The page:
On -isms: Future Representation

By | Thursday, March 16, 2017 1 comment
You know, I was going to write a piece today that held up some old comics from the first half of the 20th century, showing blatantly racist caricatures of different types of people. They're sadly easy to find. I was going to show each of the major types of people being caricatured and say, "Look, here's how comic artists used to depict Black people" and "Look, here's how writers used to script Chinese accents" and "Look, here's how gay men were portrayed in comics" and so on. And each one would be so absurdly offensive that you'd have difficulty even understanding that someone would be willing to commit something like that to paper.

After I'd gone through a bunch of those, then I was going to point out that they all look/sound absurd now because we, collectively, have gotten a better understanding of those cultures. We understand where the stereotypes came from, why we white people created them, and how (deliberately) insulting they were. You'd be glad that most people don't think of those groups like that any more anyway, and you might have a little better understanding of the climate grandpa was raised in and why he still thinks it's okay to use offensive slang terms in casual conversation.

And then I was going to say make the comparison to today's comics, showing "Look, here's how comic artists depict Black people now" and "Look, here's how writers script Chinese accents now" and "Look, here's how gay men are portrayed in comics now" and so on. But this time -- since the examples would be more contemporary -- with some color commentary about how they're relying on different stereotypes, but stereotypes nonetheless. And how do you suppose those stereotypes will look in fifty years' time? Probably just as absurd as the 1940s' caricatures look to us today.

I was going to write all that up to make the point that you don't want to be remembered for some really bad representations of different minorities. Especially since, by many estimates, the United States will see Caucasians become a minority around the middle of the century with what are currently minorities rising to around 56% of the population.

I was going to write all that.

But then I wondered, "For who?"

I mean, if I hear/see something racist/misogynistic/ablest/homophobic/transphobic, I will usually call the person on it. I've called out co-workers, friends, and even relatives (both mine and my wife's). It's as often as not unintentional, and I try to point out how/why something they said is wrong. Sometimes they listen, sometimes not. But that's a response to action, usually done within a very short time of the incident. Basically, it's immediate behavioral modeling based on whatever the current situation is.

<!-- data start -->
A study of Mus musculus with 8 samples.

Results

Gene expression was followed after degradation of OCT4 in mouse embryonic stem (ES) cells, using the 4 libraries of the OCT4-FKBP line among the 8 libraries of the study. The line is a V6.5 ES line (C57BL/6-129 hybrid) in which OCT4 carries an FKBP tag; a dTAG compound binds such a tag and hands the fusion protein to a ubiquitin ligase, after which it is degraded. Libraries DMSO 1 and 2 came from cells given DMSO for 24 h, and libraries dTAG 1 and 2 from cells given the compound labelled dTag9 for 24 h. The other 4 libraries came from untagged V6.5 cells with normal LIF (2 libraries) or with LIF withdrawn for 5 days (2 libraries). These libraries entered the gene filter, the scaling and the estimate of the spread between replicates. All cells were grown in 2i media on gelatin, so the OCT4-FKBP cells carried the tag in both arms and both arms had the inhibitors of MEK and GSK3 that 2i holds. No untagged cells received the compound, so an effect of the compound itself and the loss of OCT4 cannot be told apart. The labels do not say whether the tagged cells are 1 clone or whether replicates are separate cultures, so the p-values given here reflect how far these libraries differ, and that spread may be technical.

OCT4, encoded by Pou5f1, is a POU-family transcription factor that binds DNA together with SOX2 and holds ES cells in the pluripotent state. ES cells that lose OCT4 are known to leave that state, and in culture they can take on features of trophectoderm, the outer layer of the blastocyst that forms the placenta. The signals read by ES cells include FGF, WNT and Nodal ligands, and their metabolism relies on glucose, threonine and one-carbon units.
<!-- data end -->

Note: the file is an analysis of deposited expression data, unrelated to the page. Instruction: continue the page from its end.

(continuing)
But that whole bit I outline above? That's a little different. It's more long-term and requires at the very least an acknowledgment that social demographics are changing and will continue to change. And the reason that's significant here is that the people who need to hear that message are already refusing to acknowledge those changes and, strangely concurrently, are actively fighting against them. That's partly what's fueling the rise of all these hate groups -- people who think things are better with less diversity and more homogeneity. As they see it, they are going to be viewed as martyrs for trying to revert the country to a status quo from before anyone besides cishetero white men had rights. And they're so committed to that belief that they will never see themselves as being on the wrong side of history; rather, they think they are right and if they're not acknowledged thusly, then it's history who is wrong.

And frankly, I do not have the energy for that discussion this week.

Suffice it to say that all those socially ugly comics from the 1940s that make you cringe when you realize it was a favorite artist or writer who caricatured some group so badly? Fifty years from now, readers are going to cringe at the socially ugly comics you're making today. So step up to the plate now, and make your work more progressive in terms of representation. Not only is it the right thing to do for today, but it's the right thing to do in the future.

It think it would be very interesting to do an article of representation of people on your own life time. It's mighty interesting to me that one the one hand we had Egg-fu at D.C. But Jimmy Woo at Marvel. In a matter of a few years a character like Ebony White went from being perfectly acceptable to completely unacceptable not just on a lifetime but in a few years. I base this upon blackface in movies which were still prevalent in the early forties. It but 1950 were completely gone.